Hyundai India has become the 2nd leading carmaker in the Indian market, and the sole reason for the Korean automaker’s success is the Santro. It all harks back 20 years into the past. You see, the Santro was the first product from Hyundai, and hitting success with that first product in a new market is exactly the kind of dream that lulls business moguls to sleep at night. Despite an unconventional tall-boy design, the Santro single-handedly laid the foundation for what the Korean automaker, aka Hyundai, has transformed into today.
Fast-forward 20 years, and while the Santro evolved into the more-premium i10, which in turn evolved into the Grand i10, the second-generation Santro needs to fill those shoes that were left untied by the Eon. That said, the new Santro is based on a new platform, with a 1.1-liter gasoline heart from the i10, with major improvements to the efficiency and to also ensure the engine meets the strict BS-VI norms come April 2020. Now without much further-a-do, let’s begin the Hyundai Santro review.
The urban Tall-boy!
Exterior wise, the Santro looks quite snazzy and impressive – while the new design does away with the tall-boy silhouette of its predecessor, the stance looks very identical to the Grand i10. And in all fairness, it shares the K1 platform with its bigger sibling. So inspired by its design, the Santro has many similar design elements such as the sweptback headlamps and the big cascading Hyundai grille, which in my opinion, looks a bit disproportionate.
Come to the side, and there are some nifty details like the boomerang creases over the front wheel arch and the rear wheel arch. What could have added some flavor to the side profile is the inclusion of alloy-wheels, at least on the top-spec Asta trim? But, it will take Hyundai another generation to consider that, to say the least. The rear is well designed, and it looks the most proportionate and urban from the rear end. What we also liked in our Santro review is the Diana Green shade, which certainly looks dope.
The inside story
Talking about the Diana Green shade, it is the only variant to get an all-black interior with neon green highlights over the top. For one, the air-con vents, the gear level borderline, and the seat belts are finished in a new green shade, which looks absolutely sporty. As for the other six colors, the interior comes with a dual-tone finish with golden highlights. On the equipment front, the Santro comes with a 7.0-inch touchscreen with usual suspects like Android Auto and Apple Carplay. In addition to that, there’s a segment-first rear air-con vent, steering-mounted audio controls, and a conventional tachometer. Safety-wise, all the variants are equipped with ABS with EBD and a driver-side airbag, while the top-end Asta trim offers a passenger airbag as well.
The one aspect I liked about the interior is space management. And in our time drafting the Hyundai Santro review, there were no complaints with the interior space. With scooped out seat backs, lower seating position, and an immaculate amount of headroom, the Santro is easily one of the most spacious cars in the segment. However, we would have liked at least telescopic adjust for the steering, which can be a concern for tall drivers.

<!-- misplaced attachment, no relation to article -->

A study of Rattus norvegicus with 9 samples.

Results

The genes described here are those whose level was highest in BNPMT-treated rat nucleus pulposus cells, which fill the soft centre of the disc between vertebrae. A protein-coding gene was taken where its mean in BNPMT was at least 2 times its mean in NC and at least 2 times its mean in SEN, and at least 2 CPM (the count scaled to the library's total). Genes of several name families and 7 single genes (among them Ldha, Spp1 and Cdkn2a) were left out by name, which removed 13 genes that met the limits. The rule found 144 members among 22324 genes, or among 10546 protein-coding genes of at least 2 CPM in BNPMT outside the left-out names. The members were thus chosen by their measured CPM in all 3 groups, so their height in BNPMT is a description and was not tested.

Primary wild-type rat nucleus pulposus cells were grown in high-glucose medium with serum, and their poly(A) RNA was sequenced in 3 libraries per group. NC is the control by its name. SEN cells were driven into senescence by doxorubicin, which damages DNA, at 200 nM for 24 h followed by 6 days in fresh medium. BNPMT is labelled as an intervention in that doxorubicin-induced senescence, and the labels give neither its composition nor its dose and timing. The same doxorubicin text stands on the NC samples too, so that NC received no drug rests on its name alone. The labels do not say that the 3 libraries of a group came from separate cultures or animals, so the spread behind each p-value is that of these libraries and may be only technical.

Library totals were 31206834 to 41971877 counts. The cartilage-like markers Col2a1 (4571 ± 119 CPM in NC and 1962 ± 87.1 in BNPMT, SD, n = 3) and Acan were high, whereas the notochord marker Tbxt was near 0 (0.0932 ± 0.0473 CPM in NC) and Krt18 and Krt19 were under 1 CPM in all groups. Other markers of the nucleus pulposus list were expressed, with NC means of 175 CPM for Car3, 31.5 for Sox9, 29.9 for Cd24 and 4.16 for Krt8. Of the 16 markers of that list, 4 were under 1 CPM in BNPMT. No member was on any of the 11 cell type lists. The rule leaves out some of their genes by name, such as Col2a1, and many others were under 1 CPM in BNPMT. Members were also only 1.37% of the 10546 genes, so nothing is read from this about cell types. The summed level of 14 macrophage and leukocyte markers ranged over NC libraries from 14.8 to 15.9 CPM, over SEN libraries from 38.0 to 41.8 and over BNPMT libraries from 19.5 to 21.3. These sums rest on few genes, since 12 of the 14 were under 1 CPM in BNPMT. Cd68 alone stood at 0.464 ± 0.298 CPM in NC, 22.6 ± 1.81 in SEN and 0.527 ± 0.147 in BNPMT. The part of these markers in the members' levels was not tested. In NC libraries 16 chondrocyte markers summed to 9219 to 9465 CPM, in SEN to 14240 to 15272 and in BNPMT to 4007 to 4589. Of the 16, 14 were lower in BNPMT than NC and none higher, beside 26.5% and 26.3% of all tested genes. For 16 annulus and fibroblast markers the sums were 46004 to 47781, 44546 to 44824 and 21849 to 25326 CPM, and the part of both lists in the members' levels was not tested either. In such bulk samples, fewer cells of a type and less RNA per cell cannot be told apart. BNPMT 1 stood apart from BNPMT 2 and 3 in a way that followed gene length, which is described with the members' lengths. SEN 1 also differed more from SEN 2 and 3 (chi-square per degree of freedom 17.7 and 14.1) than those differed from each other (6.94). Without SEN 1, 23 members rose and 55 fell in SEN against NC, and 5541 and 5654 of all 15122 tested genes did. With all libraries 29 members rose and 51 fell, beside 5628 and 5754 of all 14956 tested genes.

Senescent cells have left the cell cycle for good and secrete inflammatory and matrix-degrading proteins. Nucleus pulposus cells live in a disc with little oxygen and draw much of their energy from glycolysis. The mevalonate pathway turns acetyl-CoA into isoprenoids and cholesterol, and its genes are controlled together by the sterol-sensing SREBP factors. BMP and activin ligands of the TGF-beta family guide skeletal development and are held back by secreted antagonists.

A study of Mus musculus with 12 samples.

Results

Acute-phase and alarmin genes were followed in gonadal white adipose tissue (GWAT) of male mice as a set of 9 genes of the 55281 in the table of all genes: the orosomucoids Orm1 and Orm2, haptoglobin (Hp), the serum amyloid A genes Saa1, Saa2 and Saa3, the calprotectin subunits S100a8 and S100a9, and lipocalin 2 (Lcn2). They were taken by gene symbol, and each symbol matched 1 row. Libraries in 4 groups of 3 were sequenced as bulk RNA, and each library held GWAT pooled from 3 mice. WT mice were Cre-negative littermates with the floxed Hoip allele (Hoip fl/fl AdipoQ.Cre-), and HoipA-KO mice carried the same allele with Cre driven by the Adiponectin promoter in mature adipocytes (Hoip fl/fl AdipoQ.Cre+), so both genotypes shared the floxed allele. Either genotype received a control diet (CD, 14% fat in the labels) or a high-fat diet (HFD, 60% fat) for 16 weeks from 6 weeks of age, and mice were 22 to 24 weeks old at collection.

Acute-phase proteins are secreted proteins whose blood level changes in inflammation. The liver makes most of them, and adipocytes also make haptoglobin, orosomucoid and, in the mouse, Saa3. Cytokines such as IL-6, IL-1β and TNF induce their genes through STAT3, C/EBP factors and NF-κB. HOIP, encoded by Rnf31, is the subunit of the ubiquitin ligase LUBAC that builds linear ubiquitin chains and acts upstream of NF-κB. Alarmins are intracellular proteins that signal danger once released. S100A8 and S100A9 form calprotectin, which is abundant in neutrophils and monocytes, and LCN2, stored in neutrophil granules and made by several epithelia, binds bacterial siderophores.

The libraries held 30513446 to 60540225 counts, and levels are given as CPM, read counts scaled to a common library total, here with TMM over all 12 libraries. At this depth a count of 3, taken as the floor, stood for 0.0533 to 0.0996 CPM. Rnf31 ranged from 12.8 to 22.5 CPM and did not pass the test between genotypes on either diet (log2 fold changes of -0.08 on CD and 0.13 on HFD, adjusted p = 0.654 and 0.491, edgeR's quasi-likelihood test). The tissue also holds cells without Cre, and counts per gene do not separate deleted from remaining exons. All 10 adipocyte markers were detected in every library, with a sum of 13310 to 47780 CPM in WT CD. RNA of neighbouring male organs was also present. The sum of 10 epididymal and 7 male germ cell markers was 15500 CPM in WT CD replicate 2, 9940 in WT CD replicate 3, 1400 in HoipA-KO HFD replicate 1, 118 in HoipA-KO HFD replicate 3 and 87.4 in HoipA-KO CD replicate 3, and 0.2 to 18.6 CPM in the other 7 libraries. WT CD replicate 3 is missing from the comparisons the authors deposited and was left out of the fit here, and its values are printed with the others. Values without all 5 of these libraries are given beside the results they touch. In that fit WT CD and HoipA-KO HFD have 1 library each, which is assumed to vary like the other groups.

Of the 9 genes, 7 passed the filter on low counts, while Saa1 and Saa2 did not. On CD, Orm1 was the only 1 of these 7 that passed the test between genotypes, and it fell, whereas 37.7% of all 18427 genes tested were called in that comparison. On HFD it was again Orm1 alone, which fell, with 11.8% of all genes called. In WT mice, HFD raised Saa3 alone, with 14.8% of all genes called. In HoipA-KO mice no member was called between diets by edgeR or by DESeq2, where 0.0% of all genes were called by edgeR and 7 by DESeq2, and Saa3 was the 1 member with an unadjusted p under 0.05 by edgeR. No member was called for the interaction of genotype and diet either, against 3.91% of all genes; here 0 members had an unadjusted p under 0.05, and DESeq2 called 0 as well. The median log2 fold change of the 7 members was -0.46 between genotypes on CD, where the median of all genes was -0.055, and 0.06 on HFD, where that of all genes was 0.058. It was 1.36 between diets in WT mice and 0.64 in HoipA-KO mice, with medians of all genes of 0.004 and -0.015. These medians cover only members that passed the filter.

But how is it to drive?
The second-generation of the Santro comes powered by a 1,086cc four-cylinder petrol engine, an updated version of the Epsilon engine that puts out 68bhp and 99Nm of maximum torque. Out on the smooth tarmac, the Santro feels well planted and body roll was quite manageable with good response from the steering wheel. The steering wheel, unlike other Hyundais, weighs up decently and transmits lots of road information to the driver. The Epsilon engine is rev happy, gains up momentum quite eagerly, and it feels refined until you start going pedal to the medal.
The Santro comes with two transmission options – a 5-speed manual and a 5-speed AMT. The manual is a revised version of the i10’s gearbox and it works very well with shifts, the gear lever slides into place very crisply and the smoothness is just commendable. However, it’s the AMT that we loved in our Santro review and it works fantastically well. The upshifts are smooth and the downshifts are just natural and buttery. In fact, the automated transmission is as smooth as it can get to a conventional torque converter. And that says a lot.
Should you get one?
The Santro has a lot going for it. To put things into perspective, this is not the entry-level Santro Zing that was a rival to the Alto K10 or the Renault Kwid, this is a replacement to the i10 and it will be going up against the Tata Tiago and the third-generation WagonR, for when it comes. Sure, the design is quirky, it has its ups and downs, but that’s how the original was, and it worked quite well at that time. In my opinion, the Santro ticks all the boxes for a mid-size hatchback, be it the roomy interior, the extensive equipment list or the refined engine. And being a Hyundai with a glorious past – it is bound to sell well too. To read our full verdict and the extensive Hyundai Santro review, be sure to visit us at autoX.